The buzzword to describe students of the 21st century has been “apathetic.”
The word, serving as a reaction to the alleged lack of political and social activity among young adults, is loaded with comparisons: how the era of unbridled political activism in the 1960s is long gone, and how students today have shied away from investing their interests in notable causes.
Students at the College face a similar allegation.
While the campus has common political structures from political party groups to politics fora, many hold fast to the perception that the student body is uninvolved in the political process.
“Many of TCNJ’s students are politically apathetic … As citizens, we are very removed from any direct participation in the national political scene,” sophomore political science major Brendan Neal said.
The conception is not misplaced. College students statistically tend to be “the least politically active citizens,” according to political science professor Brian Potter.
Many lack the time or resources to engage in the political process, let alone deeply understand any relevant national issues.
“(Students) are torn in different directions politically and have different impulses. It’s hard to motivate the populace in general,” Potter said.
Hypothetically, campus organizations are supposed to mobilize students for particular causes.
The College has many, including the College Democrats, College Republicans and Amnesty International.
But even these groups have stepped back from the public eye, becoming less active in spite of increasingly heated national debates.
“Political clubs vary in activity year to year, depending on how effective the new leadership is and how active the members want to be. For some reason, it’s been quiet — I wish the Republicans and Democrats were more effective this year,” Potter said.
When asked about their involvement and how they motivate students to participate, all three clubs could not be reached. So, student apathy appears visually prevalent. But taking an accurate measure of that observation is difficult.
The term can be inflated by students who feel disillusioned by their peers or political movements in general. Moreover, a variety of variables exist, influencing student involvement or a lack thereof.
Framing a particular facet of political activity can shed some light on the reality, though — in this case, consider voting.
Students vote when they find an incentive to do so. But voting incurs personal costs, both in time and in money, particularly if students are registered at home. As a result, political science professor Daniel Bowen noted that “there’s expected to be low turnout.”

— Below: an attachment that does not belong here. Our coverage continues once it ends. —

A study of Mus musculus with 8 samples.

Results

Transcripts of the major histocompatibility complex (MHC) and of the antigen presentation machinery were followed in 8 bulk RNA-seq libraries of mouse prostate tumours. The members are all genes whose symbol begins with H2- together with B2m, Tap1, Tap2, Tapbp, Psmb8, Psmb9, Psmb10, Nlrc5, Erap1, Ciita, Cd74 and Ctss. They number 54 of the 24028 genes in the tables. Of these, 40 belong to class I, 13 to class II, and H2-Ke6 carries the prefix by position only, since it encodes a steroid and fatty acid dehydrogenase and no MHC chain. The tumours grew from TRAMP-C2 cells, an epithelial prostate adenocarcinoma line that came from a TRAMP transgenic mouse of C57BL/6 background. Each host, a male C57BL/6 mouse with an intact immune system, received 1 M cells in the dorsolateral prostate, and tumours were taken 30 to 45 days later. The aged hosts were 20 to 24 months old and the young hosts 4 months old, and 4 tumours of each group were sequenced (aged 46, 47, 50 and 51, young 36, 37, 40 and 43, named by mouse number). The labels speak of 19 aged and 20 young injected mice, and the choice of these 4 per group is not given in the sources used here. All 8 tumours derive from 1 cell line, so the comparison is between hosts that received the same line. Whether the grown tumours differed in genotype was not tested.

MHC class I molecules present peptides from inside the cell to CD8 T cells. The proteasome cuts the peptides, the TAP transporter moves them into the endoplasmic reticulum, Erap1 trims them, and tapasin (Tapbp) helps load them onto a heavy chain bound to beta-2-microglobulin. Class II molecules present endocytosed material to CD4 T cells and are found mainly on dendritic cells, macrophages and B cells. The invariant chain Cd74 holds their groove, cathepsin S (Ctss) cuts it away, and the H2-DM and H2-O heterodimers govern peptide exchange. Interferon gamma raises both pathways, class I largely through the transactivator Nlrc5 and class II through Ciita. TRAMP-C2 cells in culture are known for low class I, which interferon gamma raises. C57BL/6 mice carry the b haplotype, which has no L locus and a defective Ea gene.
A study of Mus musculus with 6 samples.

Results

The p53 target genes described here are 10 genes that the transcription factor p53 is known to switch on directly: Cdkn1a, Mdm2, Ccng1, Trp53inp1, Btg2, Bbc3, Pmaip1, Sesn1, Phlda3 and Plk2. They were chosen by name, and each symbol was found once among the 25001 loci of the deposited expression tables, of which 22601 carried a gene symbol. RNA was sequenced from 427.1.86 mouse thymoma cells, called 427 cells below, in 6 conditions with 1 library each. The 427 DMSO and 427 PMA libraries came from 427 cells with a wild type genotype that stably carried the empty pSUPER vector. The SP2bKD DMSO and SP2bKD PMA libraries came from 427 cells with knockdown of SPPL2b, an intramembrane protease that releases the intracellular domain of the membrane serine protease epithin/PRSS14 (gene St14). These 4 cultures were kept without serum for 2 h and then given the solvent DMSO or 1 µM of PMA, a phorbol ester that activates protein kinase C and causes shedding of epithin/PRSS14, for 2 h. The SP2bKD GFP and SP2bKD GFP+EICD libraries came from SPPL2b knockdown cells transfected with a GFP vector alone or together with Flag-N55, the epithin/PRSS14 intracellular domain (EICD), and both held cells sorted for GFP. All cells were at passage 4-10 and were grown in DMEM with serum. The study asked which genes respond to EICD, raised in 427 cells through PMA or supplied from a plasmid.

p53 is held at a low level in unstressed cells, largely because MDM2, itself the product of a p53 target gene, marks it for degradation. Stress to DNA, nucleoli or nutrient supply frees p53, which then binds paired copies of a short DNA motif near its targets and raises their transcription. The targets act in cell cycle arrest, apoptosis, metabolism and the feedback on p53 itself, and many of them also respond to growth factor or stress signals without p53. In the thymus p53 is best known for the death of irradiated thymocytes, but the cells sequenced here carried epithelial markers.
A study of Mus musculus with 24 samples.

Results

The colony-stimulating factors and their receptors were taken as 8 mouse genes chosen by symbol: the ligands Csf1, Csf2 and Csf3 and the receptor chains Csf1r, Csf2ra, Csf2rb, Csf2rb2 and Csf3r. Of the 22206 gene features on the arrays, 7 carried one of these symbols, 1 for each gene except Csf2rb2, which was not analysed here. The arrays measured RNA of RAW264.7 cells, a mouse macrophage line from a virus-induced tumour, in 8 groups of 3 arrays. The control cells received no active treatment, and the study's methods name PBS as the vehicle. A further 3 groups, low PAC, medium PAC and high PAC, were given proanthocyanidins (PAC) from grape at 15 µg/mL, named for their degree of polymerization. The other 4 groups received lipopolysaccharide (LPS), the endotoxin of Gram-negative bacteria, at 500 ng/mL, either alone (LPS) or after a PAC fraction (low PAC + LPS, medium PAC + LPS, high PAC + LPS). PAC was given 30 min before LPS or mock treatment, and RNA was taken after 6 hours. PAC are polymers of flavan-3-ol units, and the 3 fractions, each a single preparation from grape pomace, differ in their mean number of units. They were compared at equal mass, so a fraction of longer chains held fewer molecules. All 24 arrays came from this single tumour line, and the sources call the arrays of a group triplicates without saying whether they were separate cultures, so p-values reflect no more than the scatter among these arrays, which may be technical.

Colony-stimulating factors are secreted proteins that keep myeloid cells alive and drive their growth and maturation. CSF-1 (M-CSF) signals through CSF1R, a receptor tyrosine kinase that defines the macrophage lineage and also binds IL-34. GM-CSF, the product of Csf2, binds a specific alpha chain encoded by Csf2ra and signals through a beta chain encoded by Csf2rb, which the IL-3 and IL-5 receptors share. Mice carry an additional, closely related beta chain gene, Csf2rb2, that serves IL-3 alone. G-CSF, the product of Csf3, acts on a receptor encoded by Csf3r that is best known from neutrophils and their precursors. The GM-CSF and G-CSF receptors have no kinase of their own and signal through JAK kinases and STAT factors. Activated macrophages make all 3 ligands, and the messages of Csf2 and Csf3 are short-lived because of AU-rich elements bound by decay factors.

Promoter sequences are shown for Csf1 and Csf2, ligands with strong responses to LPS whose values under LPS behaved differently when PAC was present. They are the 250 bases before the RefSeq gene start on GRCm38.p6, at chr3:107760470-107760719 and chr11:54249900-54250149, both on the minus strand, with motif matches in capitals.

According to campusvoteproject.org, only “24 percent of all eligible young people aged 18-29” took part in the 2010 midterm elections. Even a simple survey on campus produced similar turnouts. Across two microeconomics 101 courses with a wide distribution of genders, ages and majors, only three out of 57 students voted in the New Jersey gubernatorial elections on Tuesday, Nov. 5. The election allowed students to vote on a minimum wage hike, a provision that directly impacts their employment options.
The numbers appear lackluster. But perhaps this should be expected.
“The importance of voting increases as the importance of government increases on your everyday decisions,” Bowen said. “When you graduate from college, when you have a job, start paying taxes and have a family, you start to care about bigger issues in public policy.”
Ultimately, political apathy exists, both qualitatively from student inactivity and quantitatively from basic facts. But it’s also to be expected. If this is the case, then one must consider how to better mobilize students at the College.
Involvement doesn’t just equate bold activistism and protest. Public debate, community work, interning on campaigns and simply being a good citizen are just as essential to the political process, despite often being underrated.
For others, awareness is key.
“Inspiring students to be involved is easy. It’s about showing them that politics isn’t an exclusively national game,” Neal said. “It’s about teaching them that ‘all politics is local,’ and that their vote carries weight on the state and local levels.”
College faculty can also inspire student activity through academics, framing issues and empowering students to influence outcomes in their interest.
“A good political science department can help focus on the role of institutions, structures, demographics and other causal mechanisms that influence the headlines we see,” Bowen said. “We can embrace these concepts and empower students to say, ‘Let’s think deeply about these issues.’”
The solutions vary, but they’ll all need to be employed if students are to become a force capable of combating real-world issues directly. In other words, the apathy of students today becomes their political problems tomorrow.